Updated for Xcode 13.3
By default, all Swift functions are synchronous, but what does that mean?
A synchronous function is one that executes all its work in a simple, straight line on a single thread. Although the function itself can interact with other threads – it can request that work happens elsewhere, for example – the function itself always runs on a single thread.
This has a number of advantages, not least that synchronous functions are very easy to think about: when you call function A, it will carry on working until all its work is done, then return a value. If while working, function A calls function B, and perhaps functions C, D, and E as well, it doesn’t matter – they all will execute on the same thread, and run one by one until the work completes.
Internally this is handled as a function stack: whenever one function calls another, the system creates what’s called a stack frame to store all the data required for that new function – that’s things like its local variables, for example. That new stack frame gets pushed on top of the previous one, like a stack of Lego bricks, and if that function calls a third function then another stack frame is created and added above the others. Eventually the functions finish, and their stack frame is removed and destroyed in a process we call popping, and control goes back to whichever function the code was called from.
Synchronous functions have an important downside, which is that they are blocking. If function A calls function B and needs to know what its return value is, then function A must wait for function B to finish before it can continue. This sounds self-evident, I know, but blocking code is problematic because now you’ve blocked a whole thread – it might be sitting around for a second or more waiting for some data to return.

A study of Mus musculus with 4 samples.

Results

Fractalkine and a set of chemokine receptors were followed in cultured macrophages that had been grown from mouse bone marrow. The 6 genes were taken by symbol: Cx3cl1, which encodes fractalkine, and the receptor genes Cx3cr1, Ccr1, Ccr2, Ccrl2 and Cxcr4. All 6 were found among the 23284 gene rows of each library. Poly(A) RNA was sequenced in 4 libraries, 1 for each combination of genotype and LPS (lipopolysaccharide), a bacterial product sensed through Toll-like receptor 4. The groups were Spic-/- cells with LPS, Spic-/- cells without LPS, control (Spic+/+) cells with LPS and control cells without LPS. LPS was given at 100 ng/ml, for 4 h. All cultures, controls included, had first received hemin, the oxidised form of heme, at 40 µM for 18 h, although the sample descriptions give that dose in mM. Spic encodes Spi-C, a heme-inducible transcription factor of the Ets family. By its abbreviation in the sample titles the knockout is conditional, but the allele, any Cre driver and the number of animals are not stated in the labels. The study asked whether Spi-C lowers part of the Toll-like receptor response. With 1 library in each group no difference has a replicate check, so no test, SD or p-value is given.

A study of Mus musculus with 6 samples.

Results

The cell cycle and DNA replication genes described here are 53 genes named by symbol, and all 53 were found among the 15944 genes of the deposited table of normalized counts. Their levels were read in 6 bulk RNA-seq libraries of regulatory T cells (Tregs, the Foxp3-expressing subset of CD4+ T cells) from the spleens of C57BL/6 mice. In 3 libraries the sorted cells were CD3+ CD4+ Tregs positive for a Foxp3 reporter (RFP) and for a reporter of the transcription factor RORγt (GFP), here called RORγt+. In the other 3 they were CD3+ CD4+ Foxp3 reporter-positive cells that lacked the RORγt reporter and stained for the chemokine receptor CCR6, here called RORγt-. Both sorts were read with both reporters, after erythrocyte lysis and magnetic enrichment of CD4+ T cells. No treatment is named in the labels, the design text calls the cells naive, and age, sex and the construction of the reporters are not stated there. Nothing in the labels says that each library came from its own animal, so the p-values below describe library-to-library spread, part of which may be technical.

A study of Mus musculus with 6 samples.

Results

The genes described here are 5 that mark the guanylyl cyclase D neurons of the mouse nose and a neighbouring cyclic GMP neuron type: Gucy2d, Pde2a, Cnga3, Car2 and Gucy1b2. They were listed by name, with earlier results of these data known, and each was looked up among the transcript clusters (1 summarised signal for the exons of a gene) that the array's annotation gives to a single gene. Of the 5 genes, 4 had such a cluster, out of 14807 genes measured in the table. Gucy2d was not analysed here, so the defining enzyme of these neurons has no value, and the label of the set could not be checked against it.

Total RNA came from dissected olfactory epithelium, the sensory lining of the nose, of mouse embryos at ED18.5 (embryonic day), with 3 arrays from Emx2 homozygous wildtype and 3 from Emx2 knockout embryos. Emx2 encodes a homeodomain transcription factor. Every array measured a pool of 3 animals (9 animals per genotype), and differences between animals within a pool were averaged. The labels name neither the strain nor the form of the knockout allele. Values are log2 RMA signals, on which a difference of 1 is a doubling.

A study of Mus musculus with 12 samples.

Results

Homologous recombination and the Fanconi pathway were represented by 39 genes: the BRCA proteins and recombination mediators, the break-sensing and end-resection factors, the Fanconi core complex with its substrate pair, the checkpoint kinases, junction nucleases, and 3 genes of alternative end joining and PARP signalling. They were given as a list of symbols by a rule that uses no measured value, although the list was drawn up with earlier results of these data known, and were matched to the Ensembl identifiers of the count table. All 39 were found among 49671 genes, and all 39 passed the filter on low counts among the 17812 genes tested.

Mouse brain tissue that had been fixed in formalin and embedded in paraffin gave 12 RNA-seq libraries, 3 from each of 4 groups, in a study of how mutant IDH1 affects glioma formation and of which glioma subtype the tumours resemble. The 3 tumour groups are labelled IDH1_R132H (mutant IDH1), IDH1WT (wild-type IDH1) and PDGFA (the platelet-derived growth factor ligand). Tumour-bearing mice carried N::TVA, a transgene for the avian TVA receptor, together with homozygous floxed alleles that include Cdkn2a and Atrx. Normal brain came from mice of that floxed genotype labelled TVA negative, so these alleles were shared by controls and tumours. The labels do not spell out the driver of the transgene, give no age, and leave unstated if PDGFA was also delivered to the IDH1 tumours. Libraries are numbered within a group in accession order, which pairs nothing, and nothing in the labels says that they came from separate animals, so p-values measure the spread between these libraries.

You’re probably thinking that waiting for a second is nothing at all, but in computing terms that’s an ice age! Keep in mind that the Neural Engine in Apple’s A14 Bionic CPU – just one part of the chip that powers the iPhone 12 – is capable of doing 11 trillion things per second, so if you block a thread for even a second that’s 11,000,000,000,000 things you could have done but didn’t.
One solution is to say “Well, if we’ve got a thread that’s currently blocked, we should just launch a new thread.” That’s definitely a solution, but it’s also a path towards thread explosion and we’ve already covered why that’s every bit as bad as it sounds.
So, although synchronous functions are easy to think about and work with, they aren’t very efficient for certain kinds of tasks. To make our code more flexible and more efficient, it’s possible to create asynchronous functions instead.